The Mark On The Wall
Name of Professor
Day Month Year
The Mark on the Wall
When the narrator first saw a small round mark on the wall, which was black on the white wall and six or seven inches above the mantelpiece, it invoked the imaginations of the narrator. Her thoughts swarmed up and took her mind on the voyage of whole another world, at first, an old, fancy, and crimson flag appear in her mind which was flapping on a tower of the castle and she started thinking of cavalcade of red knights who were riding up the side of the black rock. She started thinking of it as an old kind of fancy, which gives a fancy look automatically on glancing but still is old like it has been probably made as a child.
The writer has established a remarkable bridge between the world of reality and imagination. She has discussed how a single glance has the power to set your train of thoughts to totally another dimension. She has illumed the exciting and interesting things about the world of imaginations. In “The Mark on the Wall”, writer sets her readers focus on the significance of things that look unimportant and are barely noticeable, and how such things become a source of creating amusement and set our thoughts on the roller coaster of imaginations that has no stop but countless and instant turn-each turn folds the curtains away to reveal an entire new world and story.
The writer ended “The Mark on the Wall” when she realized that the mark on the wall was not that much exciting, because when she inspected the mark and analyzed it more closely, she found out that it was nothing but a snail. Giving a reminder that its ordinary and unremarkable nature and unattractiveness tells us that we do not get the meaning of our life by the external details, instead, this meaning can be found in the daydreams and musings, the meditations and thoughts, which rise from contemplations of such things every day, even like insignificant and small things like a mark on a wall.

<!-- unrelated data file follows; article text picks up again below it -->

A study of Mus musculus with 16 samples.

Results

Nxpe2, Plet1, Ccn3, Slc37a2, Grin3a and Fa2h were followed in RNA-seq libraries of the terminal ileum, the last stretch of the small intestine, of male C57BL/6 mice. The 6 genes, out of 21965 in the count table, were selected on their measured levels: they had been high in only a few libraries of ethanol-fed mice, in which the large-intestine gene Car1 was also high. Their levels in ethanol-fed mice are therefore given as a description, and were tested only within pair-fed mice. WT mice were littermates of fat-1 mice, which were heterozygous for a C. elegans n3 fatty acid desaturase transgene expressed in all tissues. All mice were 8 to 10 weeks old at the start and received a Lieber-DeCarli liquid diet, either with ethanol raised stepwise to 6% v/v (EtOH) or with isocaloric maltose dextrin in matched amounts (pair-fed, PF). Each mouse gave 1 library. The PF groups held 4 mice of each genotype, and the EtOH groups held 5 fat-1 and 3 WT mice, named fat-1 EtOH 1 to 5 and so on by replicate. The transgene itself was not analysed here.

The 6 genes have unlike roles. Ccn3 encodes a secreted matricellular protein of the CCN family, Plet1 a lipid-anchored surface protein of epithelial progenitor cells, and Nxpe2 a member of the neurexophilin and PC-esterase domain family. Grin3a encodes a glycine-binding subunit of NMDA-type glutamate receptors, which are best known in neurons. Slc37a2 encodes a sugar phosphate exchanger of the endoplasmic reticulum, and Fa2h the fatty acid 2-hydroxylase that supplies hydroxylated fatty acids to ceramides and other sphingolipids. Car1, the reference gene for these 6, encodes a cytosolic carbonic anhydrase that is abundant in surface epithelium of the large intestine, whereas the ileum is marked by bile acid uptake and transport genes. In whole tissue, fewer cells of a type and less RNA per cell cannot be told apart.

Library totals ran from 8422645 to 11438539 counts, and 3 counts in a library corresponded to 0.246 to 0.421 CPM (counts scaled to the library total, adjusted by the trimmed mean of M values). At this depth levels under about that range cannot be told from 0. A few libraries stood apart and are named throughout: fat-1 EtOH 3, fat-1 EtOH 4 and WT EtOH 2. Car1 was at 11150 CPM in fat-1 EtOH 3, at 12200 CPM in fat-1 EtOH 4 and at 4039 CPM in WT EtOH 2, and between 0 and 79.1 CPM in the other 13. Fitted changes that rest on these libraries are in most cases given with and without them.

No, she did not get up to inspect the wall. The writer’s train of thoughts was halt when someone stood over her and said:
“I’m going out to buy a newspaper.”
“Yes?” said the narrator. But when the person said:
“Though it’s no good buying newspapers…. Nothing ever happens. Curse this war; God damn this war!… All the same, I don’t see why we should have a snail on our wall.”
That was when she realized that mark was nothing more exciting but a snail. She has been inspecting a snail all the time, and that snail was simply the reason that drove her imaginations to the deep cosmos of thoughts that were changing and getting deeper and deeper with the flashes of ideas.
The writer has used the idea of “Whitaker’s Table of Precedency” to exemplify how masculine point of view is governing our lives. She discusses it to enlighten our faith in rules and the way we let reality and rules thwart the way we see sudden beams of enchantment. She has represented the Whitaker’s Table of Precedency as the war and the governing rule of masculine because she realizes that things that are establishing a bridge between that mark and all of her fixation are the large social structures and problems that she has no power to change. The narrator is basically spotlighting important issues like feminism here; she is trying to tell her readers that how every individual including her is affected by things that no one dares to change and challenge, and how they avert one’s mind to focus on enchanting and exciting things.